By Anwesha Dhar:
One fine evening, when I was about four years old, my mother draped me in a sari too big for me and announced that I need to dance in front of people on a big stage. The idea of twirling under the spotlight and being appreciated with beaming smiles from the audience thrilled me. Five minutes later when the initial excitement died and I asked her why, she said it was for a function organised by her NGO and I was volunteering. Two big words I had hitherto never heard of let loose chaos in my little world. Before I could make much sense of it or stomp my childish pride under my feet and admit that I did not know what it meant, I was dragged to the stage to put up my little act which received warm accolades from everyone present. That day, unwittingly, unknowingly, I felt proud of being a ‘volunteer’.
Around twelve-thirteen years later, when I was done with my school finals and like every single adolescent in the world, bored out of my skull, I found myself randomly searching ‘volunteering for NGOs in India”. By now I had performed in many such shows, visited old age homes as a part of my school’s social service programme and donated gifts on Christmas to an orphanage. I did not do it because I suddenly felt a surge of philanthropy or altruism. I did it simply because I was bored. I registered for a couple of NGOs and forgot all about it within the next two days. I was persuaded to attend the recruitment drive for one such organisation by my friend, who was perhaps more bored than I was and I gave it a shot. Needless to say, that proved to be a stepping stone for me in the long run.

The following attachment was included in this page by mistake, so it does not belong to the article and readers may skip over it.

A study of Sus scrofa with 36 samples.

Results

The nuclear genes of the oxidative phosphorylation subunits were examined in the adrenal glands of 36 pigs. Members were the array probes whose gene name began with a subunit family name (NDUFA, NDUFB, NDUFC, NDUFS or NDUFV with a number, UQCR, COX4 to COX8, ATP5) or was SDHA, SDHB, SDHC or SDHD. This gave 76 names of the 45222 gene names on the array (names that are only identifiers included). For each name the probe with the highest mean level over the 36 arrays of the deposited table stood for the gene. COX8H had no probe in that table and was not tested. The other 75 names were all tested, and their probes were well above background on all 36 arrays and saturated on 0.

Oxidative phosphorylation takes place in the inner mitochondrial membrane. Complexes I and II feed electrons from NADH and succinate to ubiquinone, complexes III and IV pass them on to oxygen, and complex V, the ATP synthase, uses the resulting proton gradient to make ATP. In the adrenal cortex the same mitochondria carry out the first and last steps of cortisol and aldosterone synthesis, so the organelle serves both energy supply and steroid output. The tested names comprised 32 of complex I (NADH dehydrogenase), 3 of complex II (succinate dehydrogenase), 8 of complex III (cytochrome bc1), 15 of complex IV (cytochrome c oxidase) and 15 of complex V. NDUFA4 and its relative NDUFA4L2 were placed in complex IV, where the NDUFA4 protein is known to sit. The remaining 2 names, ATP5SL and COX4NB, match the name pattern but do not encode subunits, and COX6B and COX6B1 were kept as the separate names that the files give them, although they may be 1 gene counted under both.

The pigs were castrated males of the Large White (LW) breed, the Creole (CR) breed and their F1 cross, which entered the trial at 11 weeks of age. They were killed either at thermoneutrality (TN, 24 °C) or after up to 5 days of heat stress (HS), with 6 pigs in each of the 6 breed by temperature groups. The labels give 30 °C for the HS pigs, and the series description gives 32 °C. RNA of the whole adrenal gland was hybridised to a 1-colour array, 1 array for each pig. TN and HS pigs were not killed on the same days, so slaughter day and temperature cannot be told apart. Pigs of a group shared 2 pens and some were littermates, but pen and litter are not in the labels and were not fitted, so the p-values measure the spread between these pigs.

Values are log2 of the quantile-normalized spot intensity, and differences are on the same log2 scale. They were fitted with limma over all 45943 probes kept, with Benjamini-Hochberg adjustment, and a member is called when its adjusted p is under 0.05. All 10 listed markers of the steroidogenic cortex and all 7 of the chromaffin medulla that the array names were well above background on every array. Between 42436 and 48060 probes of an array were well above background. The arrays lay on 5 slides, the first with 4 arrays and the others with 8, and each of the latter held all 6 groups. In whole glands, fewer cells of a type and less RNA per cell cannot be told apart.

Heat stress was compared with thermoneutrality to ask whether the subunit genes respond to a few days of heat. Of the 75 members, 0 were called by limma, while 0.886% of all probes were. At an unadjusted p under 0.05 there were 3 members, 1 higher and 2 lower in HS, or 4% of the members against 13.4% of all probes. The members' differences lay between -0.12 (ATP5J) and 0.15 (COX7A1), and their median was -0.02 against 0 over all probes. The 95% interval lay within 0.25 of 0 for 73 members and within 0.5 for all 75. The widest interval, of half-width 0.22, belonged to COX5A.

It wasn’t like my views changed overnight, I just happened to turn up for a couple of classes. Then, I couldn’t stop. The ‘perks’ of being a volunteer, if you were to ask me to list them down like all other lists we see on social media these days, can range from three to three hundred. It’s a matter of perspective and I surely can’t list down anyone else’s experiences for them. But what I can say objectively, without a modicum of doubt, is that volunteering helps you to come out of that shell so many of us live in because we are just generally, quite cowardly. When you volunteer to teach or clean wards or serve food, you realise the responsibility you are shouldering. You realise that there are people who are looking up to you and hiding behind that shell is no longer an option. The first ‘perk’ is, therefore, possibly this, you learn to be unafraid.
Once there, for the first time, you are given a platform to voice your thoughts, your views; you are given a chance to inspire others. From someone whose hands grew clammy on the thought of taking the mike, you learn oratory.
Another; possibly the greatest perk is that you meet people from all walks of life, from different corners of the country, from different strata of the society. They might be radically different from you in the way they dress, in the way they speak, their choices in food and music. What will strike you is that, at the core, those people hold the same belief system that you do. Their passion, their zeal, their spirit would be a mirror image of yours.
Most important of all, you learn that volunteerism isn’t just about going to the orphanage or old age home or the slums and fulfil those two hours of duty you signed up for. It’s not about donating clothes or food or books and feeling morally uplifted. It is about learning patience when the child cannot get the spelling of crocodile correct despite several attempts; it is about learning to care and spend some time just asking them about how they spent their day at the old age home; it is finally about caring enough to not donate old clothes or tattered books and thinking about ways to procure new ones.
Volunteerism is not life-changing in the sense that it makes a philanthropist out of you. It is life-changing in the sense that it helps you realise more about yourself and those around you. It teaches you patience, public-speaking, kindness-all of which are life-skills and will stay with you long after you have finished your programme and got that much sought for certificate. It teaches you that ‘orphans’ are ‘children-at-risk’. And the difference is as subtle as that.
Here I am today, several years after my first stint as a volunteer, aware fully of the implication of those two big words. My pride still refuses to stop inflating.